7 Eating Habits To Power Your Mitochondria And Boost Energy


Have loads of energy or run out before the end of the day? Are you a morning person or need cups of coffee to help you putter through? How you describe your (lack of) energy has a lot to do with your mitochondria and how well you are—or aren’t—treating them.

If you don’t know your mitochondria, it’s time to know them—and treat them—better. They are essentially the power converters inside your cells that take your food and oxygen into energy in the form of ATP (adenosine triphosphate), which is the power in the biochemical reaction in your cells.

Feed the ATP a stream of rich nutrients, and you’ll give your mitochondria the essentials they need to keep you pumped and energetic through your day with some to spare. But give them poor food, and you’ll be dragging daily, if not throughout your life. In fact, it is theorized that mitochondrial dysfunction is the primary causes of age-related decline, contributing to neurological, muscular, cardiac, and metabolic disorders. Like a machine that jams or stutters when it is given low-grade oil or allowed to function in poor conditions, mitochondria produces less and less energy when they do not receive what they need, which accelerates aging, making you old before your time.

With mitochondrial deterioration at the root of the fatigue we associate with getting older, it’s important to turn the tide on your health and quality of life for both short and long-term. The more you increase the quality and quantity of your mitochondrial, the better you will feel and the more gracefully you will age. You can consider mitochondria as your built-in anti-aging, pro-energy factory. Start on these essential eating habits to boost your mitochondrial nuclear plant and keep it running at its optimal stage your entire life:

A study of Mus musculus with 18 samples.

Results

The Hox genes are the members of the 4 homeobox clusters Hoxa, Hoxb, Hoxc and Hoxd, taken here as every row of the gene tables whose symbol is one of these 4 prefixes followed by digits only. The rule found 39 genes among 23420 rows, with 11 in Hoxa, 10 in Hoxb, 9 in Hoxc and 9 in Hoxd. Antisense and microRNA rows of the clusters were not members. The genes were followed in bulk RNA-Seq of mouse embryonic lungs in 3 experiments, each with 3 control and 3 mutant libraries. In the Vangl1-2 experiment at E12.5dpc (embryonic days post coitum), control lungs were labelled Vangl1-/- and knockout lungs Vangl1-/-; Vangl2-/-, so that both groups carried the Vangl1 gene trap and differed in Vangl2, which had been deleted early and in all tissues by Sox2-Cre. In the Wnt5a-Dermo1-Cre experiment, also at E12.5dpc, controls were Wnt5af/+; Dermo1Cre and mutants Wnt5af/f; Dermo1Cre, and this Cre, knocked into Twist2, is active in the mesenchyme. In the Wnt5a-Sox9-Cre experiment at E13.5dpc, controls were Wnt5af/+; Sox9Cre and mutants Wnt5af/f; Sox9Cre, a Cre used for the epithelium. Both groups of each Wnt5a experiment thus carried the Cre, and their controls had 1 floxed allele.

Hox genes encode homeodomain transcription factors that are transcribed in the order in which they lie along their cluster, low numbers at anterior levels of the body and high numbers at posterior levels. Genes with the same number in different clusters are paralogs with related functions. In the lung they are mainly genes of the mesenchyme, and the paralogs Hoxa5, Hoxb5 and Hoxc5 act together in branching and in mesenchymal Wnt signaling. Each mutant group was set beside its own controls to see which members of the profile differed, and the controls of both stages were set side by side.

Quit eating sugar and grains

Sugar is crap. We know that. Eat too much of it, and your body—and mitochondria—can’t burn it fast enough for energy. Any excess sugar will end up getting stored as fat and create damaging free radicals. The less sugar you eat, the better. Unfortunately, people tend to mistakenly over-eat on “healthy” grains and that rapidly turn to sugar in the bodily process.

Ditch the dirty stuff

By that, we mean foods grown, produced, and sprayed with pesticides and toxins, which unsurprisingly, cause a lot of mitochondrial damage. Try to buy organic, non-GMO, local produce to reduce exposure. Look for pasture-raised animal products (grass-fed if you can). Avoid all processed and/or factory farmed foods.

Eat the rainbow

The more colorful and varied the vegetables on your plate, the more phytonutrients are available to nourish and protect your body. Pile up on the leafy greens and sulfur-rich veggies, like cabbage and cauliflower. They will help your body produce glutathione, which is essential to cellular health.


Mitochondria can use fatty acids and carbohydrates to create ATP needed to produce energy, it much prefers fat as it is more efficient and creates fewer free radical byproducts.

Have a cup of bone broth

Other than being warm and comfort, bone broth had the additional benefit of contributing to your mitochondrial health by protecting your gut lining and delivering amino acids that your cells thrive on.

Up your Omega 3’s

Regular servings of omega 3’s will help build up your mitochondria’s protective membranes, resulting in more energy for you. Get more omega 3’s by eating low mercury wild-caught fish, grass-fed meat, nuts (particularly walnuts), seeds, and egg yolks.

Try intermittent fasting

Restricting your calories is a great way to improve mitochondrial function and increase longevity. It is believed that cutting your eating window down from a typical 12-14 hour down to roughly an 8-hour one, you reduce mitochondrial free radical production. You don’t have to go to extremes to get the job done either. A day here, a few days there, simply avoid eating a few hours before going to bed and have your first meal a little later the next morning. This will give your body a few extra hours of non-eating.